I took the boyz out last night and was sitting on the steps watching them run around the back yard. All of a sudden James comes prancing down the sidewalk. I look and he has something - have no clue what - in his mouth. I'm like drop it. He does. It's a ginormous grasshopper. G-I-N-O-R-M-O-U-S! Oh, and it's missing one leg. I'm like 'step away from the grasshopper'. Now, being the kind and generous soul I am, I'm thinking "I'm gonna have to touch that ginormous bug and toss it over the fence so James doesn't eat it." My second thought - "I don't want to touch that ginormous bug." So, brilliant me decides to pick it up by it's remaining back leg. POP. Yes, the leg pops off and now the totally back legless grasshopper is staring up at me with his beady little eyes going great, now look what you've done. Boy, who knew grasshoppers could glare. I finally pick the bug up and toss him over the fence. EEEEWWWW! Luckily for me, I remembered that grasshoppers back legs pop easily off to help them get away from prey . . . kind of like chameleons tails. So, his legs will grow back. Still, you should have seen the look that bug gave me.
Now, for those readers I haven't totally grossed out, the remaining ones are wondering where in the heck is Scott going with this post. Well, no where really. I just thought I'd share, in a descriptive way, a gross out moment from this past weekend with you.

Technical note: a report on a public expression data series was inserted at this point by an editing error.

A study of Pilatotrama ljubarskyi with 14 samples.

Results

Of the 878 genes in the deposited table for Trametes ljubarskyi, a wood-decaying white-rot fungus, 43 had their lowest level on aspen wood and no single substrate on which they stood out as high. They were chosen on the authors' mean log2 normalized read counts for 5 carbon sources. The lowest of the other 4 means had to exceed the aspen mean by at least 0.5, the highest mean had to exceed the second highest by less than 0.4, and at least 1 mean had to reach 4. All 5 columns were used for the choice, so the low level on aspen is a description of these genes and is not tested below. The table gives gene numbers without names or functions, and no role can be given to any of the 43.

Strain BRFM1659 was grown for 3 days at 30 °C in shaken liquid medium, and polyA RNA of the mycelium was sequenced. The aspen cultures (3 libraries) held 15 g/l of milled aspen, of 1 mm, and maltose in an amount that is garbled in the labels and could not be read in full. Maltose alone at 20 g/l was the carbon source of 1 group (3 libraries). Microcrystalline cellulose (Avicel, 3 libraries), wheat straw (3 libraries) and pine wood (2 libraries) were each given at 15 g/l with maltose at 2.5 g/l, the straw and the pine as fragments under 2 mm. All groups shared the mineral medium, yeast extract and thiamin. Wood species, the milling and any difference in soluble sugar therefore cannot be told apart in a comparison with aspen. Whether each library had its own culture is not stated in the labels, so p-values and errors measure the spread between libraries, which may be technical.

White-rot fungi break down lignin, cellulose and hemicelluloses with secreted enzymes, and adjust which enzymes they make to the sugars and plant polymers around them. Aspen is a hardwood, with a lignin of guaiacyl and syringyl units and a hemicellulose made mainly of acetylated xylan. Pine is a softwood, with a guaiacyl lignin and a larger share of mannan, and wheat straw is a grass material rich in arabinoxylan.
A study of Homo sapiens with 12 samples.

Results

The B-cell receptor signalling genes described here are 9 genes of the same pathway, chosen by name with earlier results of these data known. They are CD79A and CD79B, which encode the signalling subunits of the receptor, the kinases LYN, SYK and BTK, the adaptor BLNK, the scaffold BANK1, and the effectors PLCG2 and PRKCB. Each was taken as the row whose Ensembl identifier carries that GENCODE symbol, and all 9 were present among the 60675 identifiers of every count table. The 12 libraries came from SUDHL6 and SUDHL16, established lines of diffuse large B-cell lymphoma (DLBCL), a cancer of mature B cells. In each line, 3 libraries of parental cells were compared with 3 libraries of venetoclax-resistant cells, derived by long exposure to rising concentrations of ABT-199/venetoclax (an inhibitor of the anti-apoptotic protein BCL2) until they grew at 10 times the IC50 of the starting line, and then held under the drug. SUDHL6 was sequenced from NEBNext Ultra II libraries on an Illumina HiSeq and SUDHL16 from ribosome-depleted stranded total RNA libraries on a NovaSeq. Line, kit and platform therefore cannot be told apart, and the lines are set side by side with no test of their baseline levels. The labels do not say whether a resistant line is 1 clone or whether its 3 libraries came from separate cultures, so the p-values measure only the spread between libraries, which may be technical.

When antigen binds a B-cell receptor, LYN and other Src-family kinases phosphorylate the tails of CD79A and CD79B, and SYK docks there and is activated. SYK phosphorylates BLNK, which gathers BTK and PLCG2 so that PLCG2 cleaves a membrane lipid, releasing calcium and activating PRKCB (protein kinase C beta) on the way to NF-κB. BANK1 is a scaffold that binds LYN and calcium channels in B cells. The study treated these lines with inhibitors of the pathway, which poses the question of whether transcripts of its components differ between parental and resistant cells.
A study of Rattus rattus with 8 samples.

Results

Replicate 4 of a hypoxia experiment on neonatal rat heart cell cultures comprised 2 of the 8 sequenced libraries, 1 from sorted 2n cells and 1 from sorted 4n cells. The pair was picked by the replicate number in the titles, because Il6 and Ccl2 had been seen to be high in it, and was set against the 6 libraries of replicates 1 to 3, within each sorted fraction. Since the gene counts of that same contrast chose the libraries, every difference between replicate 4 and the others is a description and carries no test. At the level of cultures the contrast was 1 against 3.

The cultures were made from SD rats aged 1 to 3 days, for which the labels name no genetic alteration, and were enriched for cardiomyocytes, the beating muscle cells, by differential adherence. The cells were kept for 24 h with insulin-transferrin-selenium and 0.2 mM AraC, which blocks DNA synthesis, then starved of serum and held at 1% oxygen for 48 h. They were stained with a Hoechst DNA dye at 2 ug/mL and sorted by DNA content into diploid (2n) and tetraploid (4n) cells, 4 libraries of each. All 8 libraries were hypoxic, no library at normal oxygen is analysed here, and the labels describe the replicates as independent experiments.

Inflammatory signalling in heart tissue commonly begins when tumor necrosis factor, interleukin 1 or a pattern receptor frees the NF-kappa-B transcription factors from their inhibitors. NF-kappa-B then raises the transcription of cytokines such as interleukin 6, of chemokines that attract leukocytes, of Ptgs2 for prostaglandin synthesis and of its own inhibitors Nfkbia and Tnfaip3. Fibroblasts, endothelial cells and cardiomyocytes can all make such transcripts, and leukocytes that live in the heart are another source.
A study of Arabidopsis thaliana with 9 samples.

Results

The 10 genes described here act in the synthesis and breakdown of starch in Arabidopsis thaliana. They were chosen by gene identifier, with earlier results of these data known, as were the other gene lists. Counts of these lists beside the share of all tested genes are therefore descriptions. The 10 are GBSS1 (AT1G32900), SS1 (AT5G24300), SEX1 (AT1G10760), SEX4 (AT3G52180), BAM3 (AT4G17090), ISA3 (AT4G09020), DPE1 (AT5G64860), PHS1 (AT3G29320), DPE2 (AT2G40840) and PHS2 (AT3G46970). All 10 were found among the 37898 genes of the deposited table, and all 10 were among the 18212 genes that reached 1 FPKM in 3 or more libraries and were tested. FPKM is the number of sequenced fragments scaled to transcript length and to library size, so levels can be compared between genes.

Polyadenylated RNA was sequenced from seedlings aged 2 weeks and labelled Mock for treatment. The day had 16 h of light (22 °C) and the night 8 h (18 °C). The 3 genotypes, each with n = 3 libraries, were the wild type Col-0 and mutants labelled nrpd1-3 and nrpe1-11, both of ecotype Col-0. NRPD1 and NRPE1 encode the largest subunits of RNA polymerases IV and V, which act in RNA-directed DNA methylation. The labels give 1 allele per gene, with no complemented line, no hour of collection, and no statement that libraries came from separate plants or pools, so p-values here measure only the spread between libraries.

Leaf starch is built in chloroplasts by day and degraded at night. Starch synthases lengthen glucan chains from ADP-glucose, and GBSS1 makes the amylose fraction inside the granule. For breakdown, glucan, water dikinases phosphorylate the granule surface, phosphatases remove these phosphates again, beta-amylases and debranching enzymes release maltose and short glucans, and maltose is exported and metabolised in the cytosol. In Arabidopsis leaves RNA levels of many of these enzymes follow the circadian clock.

Did he say descriptive? Why, yes, I did, dear readers, thanks for noticing. So, you see, this post wasn't just for gross out factor, there was a point.
Descriptive Passages play a major part in our writing. Those passages convey emotions, provide a sense of what a room looks and feels like, a sense of the atmosphere, the temperature outside, the crispness of the sky, the sound of popping leaves . . . and grasshopper legs for that matter. I swear - POP. Oh, those beady little eyes. That grasshopper was not a happy camper. Not at all. Not at all. I mean, there he was, minding his own business, and then this giant dog comes from out of nowhere and clamps down on it's back leg. The grasshopper laughs . . . and . . . POP. Silly, dog, don't you know my legs pop off so I can escape from my captors. CLAMP. Dear old James just picks the silly, gloating grasshopper up. He's so HAPPY. He prances down that walkway, so dang proud of himself until I say "drop it".
Well, you know what happens from that point. Big. Gross. Out. Momement. For. Me!
Do your descriptive passages convey . . . what you want them to convey? Can you hear the POP of the grasshopper's leg as it POPS off in my -eeeeewwww - hand. G-I-N-O-R-M-O-U-S! Can your readers feel the crispness of the air? Can the see the clarity of the deep, blue sky? Are they grossed out by the sound of the grasshopper's leg going POP? Do they have the same look on my face when I realized I was holding this G-I-N-O-R-M-O-U-S leg in my hand?
Okay, gotta go now. I've grossed myself out again.